Uncertified land causes conflicts: Minister

  • Apriadi Gunawan

    The Jakarta Post

Medan   /   Wed, January 9, 2019   /   06:18 pm
Uncertified land causes conflicts: Minister Deforestation. (Shutterstock/Rich Carey)

Agrarian and Spatial Planning Minister Sofyan Djalil has blamed Indonesia’s poor land certification system for land conflicts occurring across the country, including in Medan, North Sumatra, where the incidents have been severe.

“Land conflicts occur very easily here,” Sofyan said when distributing land certificates in the provincial capital on Tuesday.

The higher the price of a piece of land, the easier a conflict emerges because many are still uncertified, he added.

It is estimated that 80 million parcels of land across the country are uncertified.

When a piece of land has no certificate of ownership, Sofyan said, it attracts land syndicates and fraudsters using fake documents, causing disputes with the people who inhabit the land.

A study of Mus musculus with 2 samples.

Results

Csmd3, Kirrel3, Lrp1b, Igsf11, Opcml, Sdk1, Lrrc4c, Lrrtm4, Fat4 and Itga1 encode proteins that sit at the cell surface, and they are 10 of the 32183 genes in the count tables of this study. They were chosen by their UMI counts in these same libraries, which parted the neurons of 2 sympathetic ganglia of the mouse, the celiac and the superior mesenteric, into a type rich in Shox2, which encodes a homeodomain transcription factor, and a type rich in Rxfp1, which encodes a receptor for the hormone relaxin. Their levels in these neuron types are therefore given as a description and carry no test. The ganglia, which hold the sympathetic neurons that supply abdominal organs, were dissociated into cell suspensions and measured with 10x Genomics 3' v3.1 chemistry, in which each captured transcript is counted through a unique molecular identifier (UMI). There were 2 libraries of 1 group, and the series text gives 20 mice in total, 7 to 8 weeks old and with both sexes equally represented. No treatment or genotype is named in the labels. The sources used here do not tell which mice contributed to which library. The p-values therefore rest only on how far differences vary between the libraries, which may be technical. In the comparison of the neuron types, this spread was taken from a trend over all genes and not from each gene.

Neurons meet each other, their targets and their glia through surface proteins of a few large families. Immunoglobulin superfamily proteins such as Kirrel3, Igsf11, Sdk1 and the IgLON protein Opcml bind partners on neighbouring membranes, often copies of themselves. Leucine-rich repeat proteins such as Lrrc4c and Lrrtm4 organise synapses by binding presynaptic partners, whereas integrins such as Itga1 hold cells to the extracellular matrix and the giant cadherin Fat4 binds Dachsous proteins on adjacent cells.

Therefore, Agrarian and Spatial Planning is targeting to have all uncertified parcels of land certified by 2025, he added.

Compared to other countries in the region, such as South Korea and Taiwan, Indonesia is lagged behind in terms of land certification, Sofyan said.

Medan Mayor Dzulmi Eldin said that land conflicts occurring in the city were relatively complicated and had existed since the early years of Indonesia’s independence. At that time, the government initiated a national land-reclaiming program as an attempt to seize assets from the Dutch.

“We want to stop land conflicts in this region so that there will be no more land incidents claiming people’s lives,” Dzulmi said.

According to the North Sumatra chapter for the Commission for Missing People and Victims of Violence (Kontras North Sumatra), land conflicts often lead to brawls and even fatalities.

One example of a deadly land conflict involved concessions formerly managed by state-owned plantation company PT Perkebunan Nusantara (PTPN) II, which measures nearly 6,000 hectares.

Law expert Syafruddin Kalo of the North Sumatra University’s School of Law said that for about 18 years, the parcels of land remained abandoned, prompting local farmers to cultivate them.

They were later distributed by the government.